More of my pet peeves of the small screen

TV CLICHÉS: Going to a pub where the barman is always drying a glass.

WELL, where to start with all the clichés of TV shows? How about characters getting out of taxis and not paying; running through street markets knocking over vegetable stalls; going to pubs where the barman is always drying a glass with a tea towel; ordering ‘a beer’ and not specifying which one; never watching the road when driving and presenters knocking on doors with: “Let’s see if he’s in.” Of course he is. Would they be broadcasting it otherwise?

As for detective/cop shows, the person being questioned inevitably ends the interview saying: “Are we done here?” Do you really believe anyone ever says that when being questioned in a murder investigation? Again, no one in real life says: “I’ll see you out” when a guest/visitor/detective is about to leave the house. But they say it endlessly in films.

Weirdly, too, even the most competent detective seems to have to respond to a killer asking for a few moments alone with “Yes, of course.” Or a late-night telephone call to discuss an urgent matter with “Come to my office tonight.” However smart, they never seem to learn…


The problem for viewers like us is we fail to realise that EVERYTHING on TV is fake on one level or another (most celeb ‘game shows’, for instance, are scripted) unless we want to see camera/sound/continuity people and others. Basically, they’re all trying to make TV reasonably realistic within the limits of production.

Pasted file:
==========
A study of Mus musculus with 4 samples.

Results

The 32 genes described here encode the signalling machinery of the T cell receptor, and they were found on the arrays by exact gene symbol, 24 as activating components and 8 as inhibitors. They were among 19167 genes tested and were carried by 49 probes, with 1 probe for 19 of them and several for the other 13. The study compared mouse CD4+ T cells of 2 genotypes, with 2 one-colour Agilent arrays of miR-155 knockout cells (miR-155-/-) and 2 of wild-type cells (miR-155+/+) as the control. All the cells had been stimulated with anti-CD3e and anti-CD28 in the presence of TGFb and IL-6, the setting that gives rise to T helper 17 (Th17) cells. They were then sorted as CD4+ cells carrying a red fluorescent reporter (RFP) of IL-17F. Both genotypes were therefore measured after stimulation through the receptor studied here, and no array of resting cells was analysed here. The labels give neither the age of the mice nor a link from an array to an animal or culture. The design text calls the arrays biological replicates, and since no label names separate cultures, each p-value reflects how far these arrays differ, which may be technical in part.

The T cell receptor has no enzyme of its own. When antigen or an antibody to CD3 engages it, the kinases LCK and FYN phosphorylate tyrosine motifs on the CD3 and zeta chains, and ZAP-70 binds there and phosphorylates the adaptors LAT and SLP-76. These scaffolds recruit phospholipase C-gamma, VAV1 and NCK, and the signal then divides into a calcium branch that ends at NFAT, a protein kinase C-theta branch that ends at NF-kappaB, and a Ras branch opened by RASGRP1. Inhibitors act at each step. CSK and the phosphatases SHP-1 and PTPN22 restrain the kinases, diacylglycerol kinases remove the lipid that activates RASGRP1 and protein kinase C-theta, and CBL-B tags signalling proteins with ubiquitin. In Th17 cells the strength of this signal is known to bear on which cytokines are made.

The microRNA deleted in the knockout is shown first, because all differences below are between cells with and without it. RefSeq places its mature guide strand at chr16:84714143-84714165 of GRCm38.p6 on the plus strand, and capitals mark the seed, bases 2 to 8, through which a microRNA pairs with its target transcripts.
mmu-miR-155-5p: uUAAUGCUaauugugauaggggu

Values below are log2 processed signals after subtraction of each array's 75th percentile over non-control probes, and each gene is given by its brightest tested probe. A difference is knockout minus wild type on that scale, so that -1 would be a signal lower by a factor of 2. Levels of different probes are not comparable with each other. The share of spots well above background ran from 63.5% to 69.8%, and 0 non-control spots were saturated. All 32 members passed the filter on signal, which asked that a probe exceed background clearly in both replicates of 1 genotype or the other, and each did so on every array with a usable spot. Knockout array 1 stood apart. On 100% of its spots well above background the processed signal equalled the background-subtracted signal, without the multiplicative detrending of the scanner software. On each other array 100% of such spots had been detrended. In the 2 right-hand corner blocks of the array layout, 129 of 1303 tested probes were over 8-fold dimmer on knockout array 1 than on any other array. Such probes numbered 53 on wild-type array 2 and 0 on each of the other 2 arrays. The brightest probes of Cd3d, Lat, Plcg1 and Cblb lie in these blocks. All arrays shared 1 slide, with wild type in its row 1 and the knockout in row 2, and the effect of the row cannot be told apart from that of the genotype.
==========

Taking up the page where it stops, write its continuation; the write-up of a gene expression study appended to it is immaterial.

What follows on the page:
Finally, on a completely different note, many thanks to all of you who’ve purchased my just-published thriller, ‘The Sentinel’, now available in audiobook format narrated as before by my good friend Rayner Bourton who created the role of ‘Rocky’ in the original London production of ‘The Rocky Horror Show’.


Happy reading and viewing!

Nora Johnson’s psychological crime thrillers ‘The Sentinel’, ‘No Safe Place’, ‘Betrayal’, ‘The Girl in the Woods’, ‘The Girl in the Red Dress’, ‘No Way Back’, ‘Landscape of Lies’, ‘Retribution’, ‘Soul Stealer’, ‘The De Clerambault Code’ (www.nora-johnson.net) available online as eBook (€0.99; £0.99), Apple Books, paperback and audiobook. All profits to Costa del Sol Cudeca cancer charity.


Nora is the author of popular psychological suspense and crime thrillers and a freelance journalist.